Historical Archaeology

, Volume 52, Issue 1, pp 113–124 | Cite as

Muffled, but not Mute

  • Bradley D. Phillippi
Original Article


Narratives of Long Island’s past continue to efface the many Native American, African, and mixed-heritage workers from its plural past. Many of the homes and farms White families shared with their coerced, waged, and non-White workers remain rife with archaeological potential, yet archaeologists are reluctant to excavate them, presumably because of their ambiguity and lack of culturally distinct data. This article examines changing labor relations in order to repopulate these plural sites and give meaning to the many objects, practices, and spaces diverse people shared on a daily basis. An 18th- and 19th-century farmstead provides the context. Specifically, domestic architecture and activities are traced across the transition from slavery to wage labor to determine how new relations unfolded in daily practice. The results indicate that the system of wage labor preserved White authority over non-White workers and contributed to the masking of plural spaces as homogeneously White.


labor race space practice northeast North America 


Las narrativas de la historia de Long Island continúan borrando a los muchos trabajadores nativo americanos, africanos y de herencia mixta de su pasado plural. Muchos de los hogares y granjas que las familias blancas compartieron con sus trabajadores obligados, asalariados y no blancos siguen plagados de potencial arqueológico, sin embargo los arqueólogos son reacios a excavarlos, presumiblemente debido a su ambigüedad y falta de datos culturalmente diferentes. El presente artículo examina las cambiantes relaciones de trabajo con el fin de repoblar estos emplazamientos plurales y dar significado a los muchos objetos, prácticas y espacios que diferentes personas compartieron a diario. Una granja de los siglos XVIII y XIX proporciona el contexto. Específicamente, se rastrean arquitectura y actividades domésticas en la transición desde la esclavitud al trabajo asalariado para determinar cómo aparecieron poco a poco nuevas relaciones en la práctica diaria. Los resultados indican que el sistema de trabajo asalariado preservó la autoridad blanca sobre los trabajadores no blancos y contribuyó al enmascaramiento de los espacios plurales como homogéneamente blancos.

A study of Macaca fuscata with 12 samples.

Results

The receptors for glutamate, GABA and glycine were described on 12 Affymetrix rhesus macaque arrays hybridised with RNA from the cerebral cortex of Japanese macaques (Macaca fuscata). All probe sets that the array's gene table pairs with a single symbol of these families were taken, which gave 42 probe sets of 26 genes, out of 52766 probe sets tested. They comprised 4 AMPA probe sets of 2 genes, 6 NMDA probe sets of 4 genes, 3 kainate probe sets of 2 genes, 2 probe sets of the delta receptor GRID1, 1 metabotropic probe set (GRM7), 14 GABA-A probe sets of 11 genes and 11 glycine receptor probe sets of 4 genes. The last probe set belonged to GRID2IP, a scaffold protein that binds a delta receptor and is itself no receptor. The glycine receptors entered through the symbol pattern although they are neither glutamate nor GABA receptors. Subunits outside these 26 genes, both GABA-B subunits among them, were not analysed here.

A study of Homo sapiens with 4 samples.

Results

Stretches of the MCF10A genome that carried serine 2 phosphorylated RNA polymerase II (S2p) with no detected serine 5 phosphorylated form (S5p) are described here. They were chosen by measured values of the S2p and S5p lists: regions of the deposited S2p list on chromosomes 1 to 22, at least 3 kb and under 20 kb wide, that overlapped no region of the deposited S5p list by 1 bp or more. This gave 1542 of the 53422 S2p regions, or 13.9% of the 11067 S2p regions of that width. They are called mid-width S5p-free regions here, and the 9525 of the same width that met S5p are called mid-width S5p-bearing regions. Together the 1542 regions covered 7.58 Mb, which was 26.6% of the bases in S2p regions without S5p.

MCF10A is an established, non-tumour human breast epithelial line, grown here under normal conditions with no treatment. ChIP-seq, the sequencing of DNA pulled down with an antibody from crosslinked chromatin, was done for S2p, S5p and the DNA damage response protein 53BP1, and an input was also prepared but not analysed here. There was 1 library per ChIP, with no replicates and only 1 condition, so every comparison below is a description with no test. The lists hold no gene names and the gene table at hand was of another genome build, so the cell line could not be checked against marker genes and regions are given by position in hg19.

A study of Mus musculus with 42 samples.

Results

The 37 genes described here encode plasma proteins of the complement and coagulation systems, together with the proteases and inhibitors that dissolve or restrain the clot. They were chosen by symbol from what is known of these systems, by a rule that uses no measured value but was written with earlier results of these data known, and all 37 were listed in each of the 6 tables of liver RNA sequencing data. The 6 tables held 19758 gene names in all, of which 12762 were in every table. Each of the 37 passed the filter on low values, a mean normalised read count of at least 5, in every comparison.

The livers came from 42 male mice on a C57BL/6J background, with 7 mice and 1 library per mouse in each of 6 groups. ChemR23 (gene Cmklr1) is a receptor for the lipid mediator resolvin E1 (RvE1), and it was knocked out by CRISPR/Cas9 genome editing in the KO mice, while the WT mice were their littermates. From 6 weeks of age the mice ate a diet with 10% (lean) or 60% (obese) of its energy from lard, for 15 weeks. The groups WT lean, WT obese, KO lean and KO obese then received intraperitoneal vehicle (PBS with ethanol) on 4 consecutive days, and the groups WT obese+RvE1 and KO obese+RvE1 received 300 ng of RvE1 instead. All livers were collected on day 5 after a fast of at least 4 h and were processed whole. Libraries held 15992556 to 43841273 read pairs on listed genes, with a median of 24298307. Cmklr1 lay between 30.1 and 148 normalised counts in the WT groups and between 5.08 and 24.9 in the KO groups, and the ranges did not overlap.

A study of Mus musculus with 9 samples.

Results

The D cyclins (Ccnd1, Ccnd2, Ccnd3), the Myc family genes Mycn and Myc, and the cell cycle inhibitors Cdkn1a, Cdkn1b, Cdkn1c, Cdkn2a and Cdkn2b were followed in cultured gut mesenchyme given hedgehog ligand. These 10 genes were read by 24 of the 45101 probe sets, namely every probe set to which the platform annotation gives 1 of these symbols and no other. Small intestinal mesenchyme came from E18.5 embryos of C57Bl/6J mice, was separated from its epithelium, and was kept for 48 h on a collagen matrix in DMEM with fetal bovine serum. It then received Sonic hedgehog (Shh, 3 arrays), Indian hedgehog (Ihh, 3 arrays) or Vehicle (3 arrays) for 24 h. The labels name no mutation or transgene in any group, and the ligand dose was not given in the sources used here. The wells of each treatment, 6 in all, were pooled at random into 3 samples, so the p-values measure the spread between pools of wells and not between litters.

Les récits de l’histoire de Long Island continuent à effacer les nombreux travailleurs amérindiens, africains ou ayant des origines diversifiées de leur passé pluriel. La plupart des maisons et des fermes que les familles blanches ont partagées avec leurs travailleurs forcés, salariés et autres que blancs restent riches en potentiel archéologique, mais les archéologues hésitent à les fouiller, vraisemblablement en raison de leur ambiguïté et du manque de données distinctes sur le plan culturel. Cet article examine les relations de travail changeantes afin de repeupler ces sites pluriels et de donner un sens aux nombreux objets, aux pratiques et aux espaces que les divers peuples ont partagés au quotidien. Une ferme des 18e et 19e siècles fournit le contexte. Plus précisément, l’architecture domestique et les activités sont retracées pendant toute la transition de l’esclavage au travail salarié pour déterminer comment de nouvelles relations se sont développées dans la pratique quotidienne. Les résultats indiquent que le système de travail salarié a conservé l’autorité blanche sur les travailleurs non-blancs et a contribué au masquage des espaces pluriels comme étant blancs homogènes.



© Society for Historical Archaeology 2018

Authors and Affiliations

  1. 1.Department of AnthropologyHofstra UniversityHempsteadU.S.A.